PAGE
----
The Netherlands adopted its fourth National Action Plan (NAP) for the period 2021-2025. The fourth NAP states that its main vision is “a world of sustainable peace, security and development for all, where equal participation of women and girls is self-evident.” It has five strategic outcomes, which correlate to the four main pillars of the WPS agenda and also prioritize gender mainstreaming. The fourth Dutch National Action Plan was developed through a consultative process with a range of actors, including ministries such as the Ministries of Foreign Affairs, Defence, Justice and Security, and Education, Science, and Culture, and the police service. Additionally, over 60 civil society organisations participated. All of these actors together are part of the Dutch NAP partnership. The fourth NAP is preceded by three others, for the periods 2016-2019, 2012-2015, and 2008-2011.
The second, third, and fourth NAPs both have standalone sections that provide an overview of the implementation of the previous action plans as well as “lessons learned” for the revised NAP. The third NAP, for instance, states that the Policy and Operations Evaluation Department (IOB) of the Ministry of Foreign Affairs, the body responsible body for evaluating the implementation of the NAP, found out that “the NAPs have not provided guidance … on how to translate the resolution’s objectives into actions that are responsive to contextual gender realities” (p. 21). As such, the third NAP aims to strengthen its gender-specific analysis as well as monitoring and evaluation mechanism. All four NAPs approach the implementation of the WPS agenda mostly internationally. The first three NAPs approach disarmament through the narrow framework of disarmament, demobilization, and reintegration (DDR) efforts, and the fourth NAP has an objective of implementing Article 7.4 of the Arms Trade Treaty.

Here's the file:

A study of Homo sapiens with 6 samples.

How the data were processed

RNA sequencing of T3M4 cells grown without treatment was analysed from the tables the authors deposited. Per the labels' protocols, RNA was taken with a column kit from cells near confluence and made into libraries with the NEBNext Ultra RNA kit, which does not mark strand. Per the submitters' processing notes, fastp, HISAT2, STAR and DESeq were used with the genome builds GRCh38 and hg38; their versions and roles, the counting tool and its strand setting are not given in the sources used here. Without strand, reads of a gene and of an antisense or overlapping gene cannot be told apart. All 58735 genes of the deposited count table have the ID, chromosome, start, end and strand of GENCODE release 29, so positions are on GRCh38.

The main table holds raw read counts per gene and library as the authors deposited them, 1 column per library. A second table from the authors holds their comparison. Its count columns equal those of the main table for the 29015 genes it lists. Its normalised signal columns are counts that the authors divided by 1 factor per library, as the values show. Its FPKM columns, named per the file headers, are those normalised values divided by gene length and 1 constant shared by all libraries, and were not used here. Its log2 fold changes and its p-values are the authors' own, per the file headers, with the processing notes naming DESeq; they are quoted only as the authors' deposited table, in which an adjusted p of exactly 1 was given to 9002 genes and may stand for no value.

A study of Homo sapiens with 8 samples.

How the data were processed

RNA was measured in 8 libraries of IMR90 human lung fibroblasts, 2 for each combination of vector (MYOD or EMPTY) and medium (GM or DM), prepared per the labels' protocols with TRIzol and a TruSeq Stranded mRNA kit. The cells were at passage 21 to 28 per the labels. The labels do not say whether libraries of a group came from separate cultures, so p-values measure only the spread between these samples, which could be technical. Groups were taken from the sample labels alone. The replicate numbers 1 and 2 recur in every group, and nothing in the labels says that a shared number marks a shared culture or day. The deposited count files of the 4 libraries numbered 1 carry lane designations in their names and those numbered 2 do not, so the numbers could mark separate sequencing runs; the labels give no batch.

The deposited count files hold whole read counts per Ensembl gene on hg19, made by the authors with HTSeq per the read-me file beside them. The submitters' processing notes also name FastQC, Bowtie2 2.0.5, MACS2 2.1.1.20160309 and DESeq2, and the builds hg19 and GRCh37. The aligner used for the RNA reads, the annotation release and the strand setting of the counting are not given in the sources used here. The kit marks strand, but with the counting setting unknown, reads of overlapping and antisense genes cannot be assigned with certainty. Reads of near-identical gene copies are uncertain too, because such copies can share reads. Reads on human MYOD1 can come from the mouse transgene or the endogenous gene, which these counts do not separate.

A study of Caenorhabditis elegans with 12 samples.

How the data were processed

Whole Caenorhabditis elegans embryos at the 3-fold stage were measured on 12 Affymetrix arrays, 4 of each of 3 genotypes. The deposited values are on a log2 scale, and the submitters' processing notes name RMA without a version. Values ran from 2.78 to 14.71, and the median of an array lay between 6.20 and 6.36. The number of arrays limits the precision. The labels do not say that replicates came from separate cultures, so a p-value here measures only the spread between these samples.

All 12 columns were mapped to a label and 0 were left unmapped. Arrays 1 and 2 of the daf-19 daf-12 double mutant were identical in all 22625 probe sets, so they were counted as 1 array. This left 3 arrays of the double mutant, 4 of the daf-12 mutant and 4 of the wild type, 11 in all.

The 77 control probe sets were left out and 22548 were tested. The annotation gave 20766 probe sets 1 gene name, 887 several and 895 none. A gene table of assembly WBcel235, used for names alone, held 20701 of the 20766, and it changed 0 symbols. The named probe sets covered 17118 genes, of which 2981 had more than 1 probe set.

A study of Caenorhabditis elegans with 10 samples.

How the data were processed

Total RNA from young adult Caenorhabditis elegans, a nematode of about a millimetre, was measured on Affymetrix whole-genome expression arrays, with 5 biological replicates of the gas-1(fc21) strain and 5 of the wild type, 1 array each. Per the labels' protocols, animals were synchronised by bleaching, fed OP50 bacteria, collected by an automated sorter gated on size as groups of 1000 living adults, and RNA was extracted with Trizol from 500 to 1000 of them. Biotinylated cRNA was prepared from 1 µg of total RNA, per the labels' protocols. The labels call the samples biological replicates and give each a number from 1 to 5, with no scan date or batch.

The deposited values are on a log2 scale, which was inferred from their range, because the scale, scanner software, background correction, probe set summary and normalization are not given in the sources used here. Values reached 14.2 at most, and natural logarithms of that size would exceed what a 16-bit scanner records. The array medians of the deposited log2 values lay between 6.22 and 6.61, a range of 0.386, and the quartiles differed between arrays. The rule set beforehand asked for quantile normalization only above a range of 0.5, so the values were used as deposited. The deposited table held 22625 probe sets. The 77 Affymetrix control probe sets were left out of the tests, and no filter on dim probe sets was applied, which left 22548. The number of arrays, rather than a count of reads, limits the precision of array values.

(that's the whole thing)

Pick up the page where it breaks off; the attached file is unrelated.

The Netherlands does not have a recent history of conflict, but plays a large role in international peacekeeping and humanitarian efforts. The Netherlands is a contributing donor to the Women’s Peace and Humanitarian Fund, a global partnership that works to empower women in conflict zones and humanitarian crises. The Netherlands is also a partner of the Call to Action on Protection from Gender-Based Violence in Emergencies, a multi-stakeholder initiative that aims to mitigate and provide accountability for gender-based violence in humanitarian emergencies.
In 2016, the Dutch parliament passed a bill to halt arms exports to Saudi Arabia, over concerns about violations of humanitarian law in Yemen. In 2019, the Netherlands was among the top 15 arms exporters in the world.
At the multilateral level, the Netherlands most recently served as a non-permanent member of the United Nations Security Council for a one-year term in 2017, splitting the ordinarily two-year term with Italy due to a deadlocked election result.